Coping with a lunar dust-up
Of all the hazards humans face in returning to the moon, one of the biggest may be the smallest: flecks of lunar dust far tinier than the...
Newhouse News Service
CLEVELAND — Of all the hazards humans face in returning to the moon, one of the biggest may be the smallest: flecks of lunar dust far tinier than the period at the end of this sentence.
They blanket the orb's craggy surface with a powdery coating several inches thick. The moon is one vast desert of dust.
Though the Apollo astronauts ventured outside for only a few hours at a time, the clingy dust quickly dimmed their snow-white spacesuits to Pigpen gray. It got on their skin, in their eyes and up their noses, giving Apollo 17 lunar-module pilot Harrison Schmitt a temporary case of "lunar-dust hay fever."
Always in the way
The pervasive crud gummed up mechanical joints and coated the radiators on the lunar rover, causing its batteries to overheat.
It sneaked into oxygen-hose connections, snagged zippers and clotted Velcro fasteners. Scaling the ladder of the lunar lander with dust caked in his boot treads, Neil Armstrong almost made one small slip for mankind.
There was so much dust that, on Apollo 16, the cabin vacuum cleaner that was supposed to suck it up choked and died instead.
And the stuff wasn't soft, like lint. It had sharp, glassy edges that scratched helmet visors and camera lenses.
The Apollo 12 astronauts discovered that tramping around in the abrasive dust had worn away the outer layer of their spacesuits in several spots, exposing the insulation underneath.
The grit had gotten into the seals around their helmets and gloves, causing them to bleed oxygen. After two four-hour stints on the surface, Pete Conrad's suit was so close to the leak safety margin that he probably wouldn't have been allowed outside again had a third excursion been planned.
Focus of research
As NASA prepares to send crews back to the moon by 2020, with eventual six-month stays compared with the three-day Apollo sorties, mission planners have dust on their minds.
Researchers at NASA centers are studying why lunar dust behaves the way it does, whether it's toxic and how it might be controlled.
Much of the basic work is under way in Cleveland's Glenn Research Center labs. One approach mimics the extreme conditions on the moon's surface that give the dust its unique properties. Another involves a sandbox the size of a volleyball court where engineers test the traction of prototype lunar buggies.
But to aim for the future, NASA first had to look back — to the surprising Apollo experience with dust nearly four decades ago, and then much deeper into the past, to the formation of the dust itself over the past 4.5 billion years.
Without an atmosphere, the moon lacks liquid water and wind, the forces of erosion on Earth. But meteorite strikes have filled that void, relentlessly pummeling lunar rocks into the fine, talcum-like grains that cover the surface today.
Other powers are at work to further disrupt the dust. Tiny micrometeorites regularly ping the moon's face at more than 60,000 mph — enough energy to melt or partially vaporize dust particles and change their chemical makeup.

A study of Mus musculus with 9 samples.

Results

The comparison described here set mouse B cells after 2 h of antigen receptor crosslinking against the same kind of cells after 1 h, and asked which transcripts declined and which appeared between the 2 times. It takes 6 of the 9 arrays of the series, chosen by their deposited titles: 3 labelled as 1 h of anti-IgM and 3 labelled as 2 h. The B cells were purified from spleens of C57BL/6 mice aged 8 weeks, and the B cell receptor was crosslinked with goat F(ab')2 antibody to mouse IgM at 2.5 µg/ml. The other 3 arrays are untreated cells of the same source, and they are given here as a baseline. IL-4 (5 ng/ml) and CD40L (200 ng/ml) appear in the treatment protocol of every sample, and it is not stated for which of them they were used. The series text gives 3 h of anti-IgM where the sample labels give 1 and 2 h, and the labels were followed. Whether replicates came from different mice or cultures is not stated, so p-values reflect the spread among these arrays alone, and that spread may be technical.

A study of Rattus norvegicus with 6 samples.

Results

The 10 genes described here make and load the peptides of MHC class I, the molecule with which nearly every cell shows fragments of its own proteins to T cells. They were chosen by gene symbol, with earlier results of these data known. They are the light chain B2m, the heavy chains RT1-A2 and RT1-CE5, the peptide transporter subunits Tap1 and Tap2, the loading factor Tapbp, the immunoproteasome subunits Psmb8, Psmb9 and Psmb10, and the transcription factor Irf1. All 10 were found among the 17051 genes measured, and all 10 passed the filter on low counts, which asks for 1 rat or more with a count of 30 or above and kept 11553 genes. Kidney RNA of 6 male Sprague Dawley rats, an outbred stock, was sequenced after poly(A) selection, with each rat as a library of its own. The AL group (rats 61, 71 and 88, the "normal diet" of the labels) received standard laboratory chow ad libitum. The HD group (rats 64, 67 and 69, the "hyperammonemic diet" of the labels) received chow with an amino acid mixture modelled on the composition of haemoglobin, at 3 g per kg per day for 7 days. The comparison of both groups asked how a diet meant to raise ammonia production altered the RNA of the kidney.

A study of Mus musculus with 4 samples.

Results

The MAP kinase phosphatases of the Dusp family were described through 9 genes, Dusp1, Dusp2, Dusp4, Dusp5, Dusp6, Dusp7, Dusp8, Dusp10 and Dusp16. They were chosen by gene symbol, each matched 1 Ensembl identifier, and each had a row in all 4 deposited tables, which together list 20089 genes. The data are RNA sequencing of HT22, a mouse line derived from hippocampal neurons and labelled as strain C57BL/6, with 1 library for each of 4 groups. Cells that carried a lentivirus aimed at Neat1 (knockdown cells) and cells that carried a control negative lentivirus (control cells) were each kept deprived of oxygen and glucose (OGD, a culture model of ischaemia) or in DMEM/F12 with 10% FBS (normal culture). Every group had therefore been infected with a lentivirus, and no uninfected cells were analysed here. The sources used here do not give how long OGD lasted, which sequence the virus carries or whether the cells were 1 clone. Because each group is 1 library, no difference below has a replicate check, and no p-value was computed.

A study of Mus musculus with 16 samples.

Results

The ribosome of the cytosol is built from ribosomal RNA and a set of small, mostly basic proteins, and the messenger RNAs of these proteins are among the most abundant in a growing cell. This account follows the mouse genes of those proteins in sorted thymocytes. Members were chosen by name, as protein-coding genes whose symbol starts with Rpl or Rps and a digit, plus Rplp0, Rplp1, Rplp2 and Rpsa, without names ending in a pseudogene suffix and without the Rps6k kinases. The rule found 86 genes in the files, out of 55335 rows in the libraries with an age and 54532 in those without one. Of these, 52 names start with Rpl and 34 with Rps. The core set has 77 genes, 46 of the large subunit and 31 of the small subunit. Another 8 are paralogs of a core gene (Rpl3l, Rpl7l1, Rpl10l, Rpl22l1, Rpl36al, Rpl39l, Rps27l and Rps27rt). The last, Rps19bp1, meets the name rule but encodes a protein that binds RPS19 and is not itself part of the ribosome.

The melting welds individual grains into flea-sized chunks called agglutinates. Their glassy, jagged edges give the dust its abrasiveness and help it stick to stuff.
Most of its clingy-ness, however, is due to static electricity, the same pesky mechanism that mates socks with sweaters in the dryer.
On the moon's "day" side, X-ray and ultraviolet radiation beaming in from the sun blast away electrons from the dust grains, leaving them with a positive charge.
Some NASA scientists think the repulsing forces between these like-charged dust particles are strong enough to shoot the lightest grains 60 miles or more above the moon's surface. They speculate the dust regularly rises and falls, like water droplets in a fountain, although the specks would be too small to see.
By the same theory, dust fountains should erupt on the moon's night side, too, but oppositely charged ones. Without sunlight's positive influence, the dusty surface acquires a negative buildup from electrons delivered by the solar wind — a gale of high-energy particles billowing out from the sun.
At the tumultuous divide between dark and light — a twilight zone called the terminator that marches across the surface as the moon rotates — the shifting electric fields may shove the dust sideways, scattering it greater distances.
Though this idea of "dynamic," fountaining dust is new, it is based in part on observations Apollo astronauts made more than 30 years ago.
NASA scientists had figured the actions that stir up the most lunar dust were localized, human-caused ones: spacecraft landing and blasting off, rovers skidding around, astronauts stomping and jumping and, in the future, construction machinery digging and scooping as a moon base takes shape.
Now, the dust-busters may have to plan for the moon's own dust-churning processes too.
"That's another thing we're attempting to address," said Mark Hyatt, a researcher at the Glenn center. "What's the magnitude of the effect, and do we have to design for it because we're going to be there for such a long period of time?"
Whether dust clouds are kicked up by astronaut boots or the sweep of the terminator, the outcome is the same: It sticks to everything.
When vice president of Sub Pop Records Megan Jasper isn't running things at the office, she's working in her garden at her West Seattle home where she and her husband Brian spend time relaxing.